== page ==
Learning the NBC Pilot Biz

Aug 18, 2003  •  Post A Comment

What some East Coast NBC interns did this summer would turn some producers green with envy: They pitched projects they had developed to network executives.
The interns participated in a new pilot program created by NBC staffing manager Carrie Maltese.
From the 180 interns who applied, Ms. Maltese’s staff selected 20 and assembled five teams of five interns each. On their lunch hours and often on their own time, the interns conceived a program, forecast sales and drew up marketing and promotion strategies. They had access to network veterans and executives whose areas of expertise were relevant.
Ms. Maltese said the team named Team News proposed a reality/documentary show for Bravo. Team Entertainment pitched a reality-based skit show. And Team Wild Card pitched a drama. Team Corporate proposed a sitcom. On Aug. 4 and 5 a panel of human resources personnel judged the entries and selected Team CNBC’s proposal of a CNBCprogram. That earned Team CNBC and one representative of each of the other four teams a chance to an Aug. 7 audience with a panel that included executives from sales, casting and news, who gathered in the network boardroom.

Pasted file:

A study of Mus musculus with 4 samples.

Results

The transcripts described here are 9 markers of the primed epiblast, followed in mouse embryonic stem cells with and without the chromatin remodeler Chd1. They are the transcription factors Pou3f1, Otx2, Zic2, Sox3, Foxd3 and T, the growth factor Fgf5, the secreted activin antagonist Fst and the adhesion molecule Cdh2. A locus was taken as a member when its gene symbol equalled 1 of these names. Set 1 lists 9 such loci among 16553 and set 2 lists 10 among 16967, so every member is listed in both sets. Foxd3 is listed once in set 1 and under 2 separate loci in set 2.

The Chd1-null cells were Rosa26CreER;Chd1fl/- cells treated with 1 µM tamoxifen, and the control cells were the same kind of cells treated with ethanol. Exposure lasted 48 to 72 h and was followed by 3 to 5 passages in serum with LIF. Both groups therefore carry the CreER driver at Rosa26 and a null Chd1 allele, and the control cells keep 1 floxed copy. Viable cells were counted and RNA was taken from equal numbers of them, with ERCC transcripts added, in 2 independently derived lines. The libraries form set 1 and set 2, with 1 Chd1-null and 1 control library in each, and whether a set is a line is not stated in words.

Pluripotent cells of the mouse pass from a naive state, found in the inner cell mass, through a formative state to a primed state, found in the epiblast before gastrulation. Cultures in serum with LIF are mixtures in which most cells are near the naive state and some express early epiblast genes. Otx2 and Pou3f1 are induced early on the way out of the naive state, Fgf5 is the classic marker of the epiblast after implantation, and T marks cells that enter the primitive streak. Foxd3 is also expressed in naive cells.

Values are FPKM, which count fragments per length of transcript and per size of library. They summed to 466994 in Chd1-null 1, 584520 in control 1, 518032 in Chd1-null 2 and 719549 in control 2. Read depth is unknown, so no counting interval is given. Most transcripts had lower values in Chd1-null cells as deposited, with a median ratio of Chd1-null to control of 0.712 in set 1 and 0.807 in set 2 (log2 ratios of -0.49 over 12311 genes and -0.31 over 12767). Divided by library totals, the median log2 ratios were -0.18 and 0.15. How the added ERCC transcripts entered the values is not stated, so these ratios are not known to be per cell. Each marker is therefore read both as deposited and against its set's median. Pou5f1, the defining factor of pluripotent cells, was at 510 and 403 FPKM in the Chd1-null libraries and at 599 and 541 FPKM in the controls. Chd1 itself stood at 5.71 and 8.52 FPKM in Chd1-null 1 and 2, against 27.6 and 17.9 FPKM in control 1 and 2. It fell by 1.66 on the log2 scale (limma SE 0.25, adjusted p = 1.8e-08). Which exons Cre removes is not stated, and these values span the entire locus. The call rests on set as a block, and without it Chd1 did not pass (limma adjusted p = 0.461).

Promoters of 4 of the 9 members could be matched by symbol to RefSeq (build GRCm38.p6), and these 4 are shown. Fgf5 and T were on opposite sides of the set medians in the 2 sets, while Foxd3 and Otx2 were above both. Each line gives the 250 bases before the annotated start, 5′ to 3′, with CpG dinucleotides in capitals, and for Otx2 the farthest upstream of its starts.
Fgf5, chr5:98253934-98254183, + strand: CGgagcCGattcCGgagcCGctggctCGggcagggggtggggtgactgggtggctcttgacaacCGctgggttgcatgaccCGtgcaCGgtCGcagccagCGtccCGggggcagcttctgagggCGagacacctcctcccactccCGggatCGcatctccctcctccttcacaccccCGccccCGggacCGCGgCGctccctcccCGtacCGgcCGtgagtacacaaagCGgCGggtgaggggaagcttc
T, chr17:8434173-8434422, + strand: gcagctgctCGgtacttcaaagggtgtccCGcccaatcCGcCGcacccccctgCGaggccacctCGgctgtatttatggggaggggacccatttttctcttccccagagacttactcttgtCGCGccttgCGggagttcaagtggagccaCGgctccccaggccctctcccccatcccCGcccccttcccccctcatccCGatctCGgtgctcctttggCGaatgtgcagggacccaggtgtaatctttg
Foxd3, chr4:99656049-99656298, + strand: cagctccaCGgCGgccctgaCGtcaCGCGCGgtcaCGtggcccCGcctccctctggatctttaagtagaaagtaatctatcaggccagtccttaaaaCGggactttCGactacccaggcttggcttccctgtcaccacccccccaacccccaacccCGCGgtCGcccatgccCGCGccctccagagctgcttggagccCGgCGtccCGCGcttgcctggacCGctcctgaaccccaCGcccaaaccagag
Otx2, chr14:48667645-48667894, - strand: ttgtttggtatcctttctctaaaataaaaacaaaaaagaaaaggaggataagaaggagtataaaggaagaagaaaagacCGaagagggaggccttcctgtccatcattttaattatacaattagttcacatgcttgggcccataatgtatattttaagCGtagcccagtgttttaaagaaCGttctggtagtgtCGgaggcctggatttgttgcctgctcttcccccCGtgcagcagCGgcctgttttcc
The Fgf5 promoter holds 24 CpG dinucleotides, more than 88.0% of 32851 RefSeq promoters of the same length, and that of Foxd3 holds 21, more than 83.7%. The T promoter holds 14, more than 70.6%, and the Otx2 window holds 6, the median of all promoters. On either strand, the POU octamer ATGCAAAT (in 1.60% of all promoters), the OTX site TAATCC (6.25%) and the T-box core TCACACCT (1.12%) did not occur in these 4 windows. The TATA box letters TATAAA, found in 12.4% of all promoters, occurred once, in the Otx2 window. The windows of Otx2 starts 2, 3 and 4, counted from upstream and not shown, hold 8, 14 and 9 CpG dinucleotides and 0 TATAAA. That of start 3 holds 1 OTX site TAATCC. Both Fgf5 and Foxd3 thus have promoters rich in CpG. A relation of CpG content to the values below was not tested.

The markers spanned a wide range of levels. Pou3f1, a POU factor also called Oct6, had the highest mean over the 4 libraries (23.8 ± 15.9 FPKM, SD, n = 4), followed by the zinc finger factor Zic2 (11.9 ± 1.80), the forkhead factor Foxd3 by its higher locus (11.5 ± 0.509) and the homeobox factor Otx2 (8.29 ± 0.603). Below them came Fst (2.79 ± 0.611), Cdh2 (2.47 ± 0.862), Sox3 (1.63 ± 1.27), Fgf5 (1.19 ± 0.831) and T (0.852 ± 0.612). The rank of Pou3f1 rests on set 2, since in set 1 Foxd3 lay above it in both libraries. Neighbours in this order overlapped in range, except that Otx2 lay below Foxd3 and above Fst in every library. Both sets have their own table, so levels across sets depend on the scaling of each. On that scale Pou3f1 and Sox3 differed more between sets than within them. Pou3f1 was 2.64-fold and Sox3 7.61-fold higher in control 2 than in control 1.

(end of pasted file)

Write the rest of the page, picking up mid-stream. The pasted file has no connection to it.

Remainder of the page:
“That alone made them nervous, because they had never been up there before,” Ms. Maltese said.
Frank Radice, senior VP of the NBC Agency, was among those who heard Team CNBC’s final presentation. “It was about as complete as anything I have ever seen professionals do,” he enthused.
Then came the follow-up questions from the executives, who were impressed by such touches as a gross ratings point projection based on the history of the time period. But the team made one suggestion that wasn’t so well received. The interns’ promotion plan called for spots for the CNBC show on NBC-during November sweeps. “Not!” joked Mr. Radice, who plans to forward one of the reality pitches to Entertainment President Jeff Zucker.
One intern, a Telemundo representative on Team Corporate and a marketing major, a junior in business school, interned last year in the marketing research department of a large oil company. She had high praise for NBC’s program, which Ms. Maltese said was primarily designed to teach team building and leadership skills and to encourage creative thinking.
“We were hoping to get them out of their normal comfort zone,” Ms. Maltese said. “It is not designed to come up with the next hit.”
Indeed, the students signed releases and knew there would be no financial windfall for them, only the possibility of receiving a certificate and a gold trophy for a job well done. The marketing major intern said she got so much out of the pilot program, “I don’t think I could settle for an internship that would offer anything less.”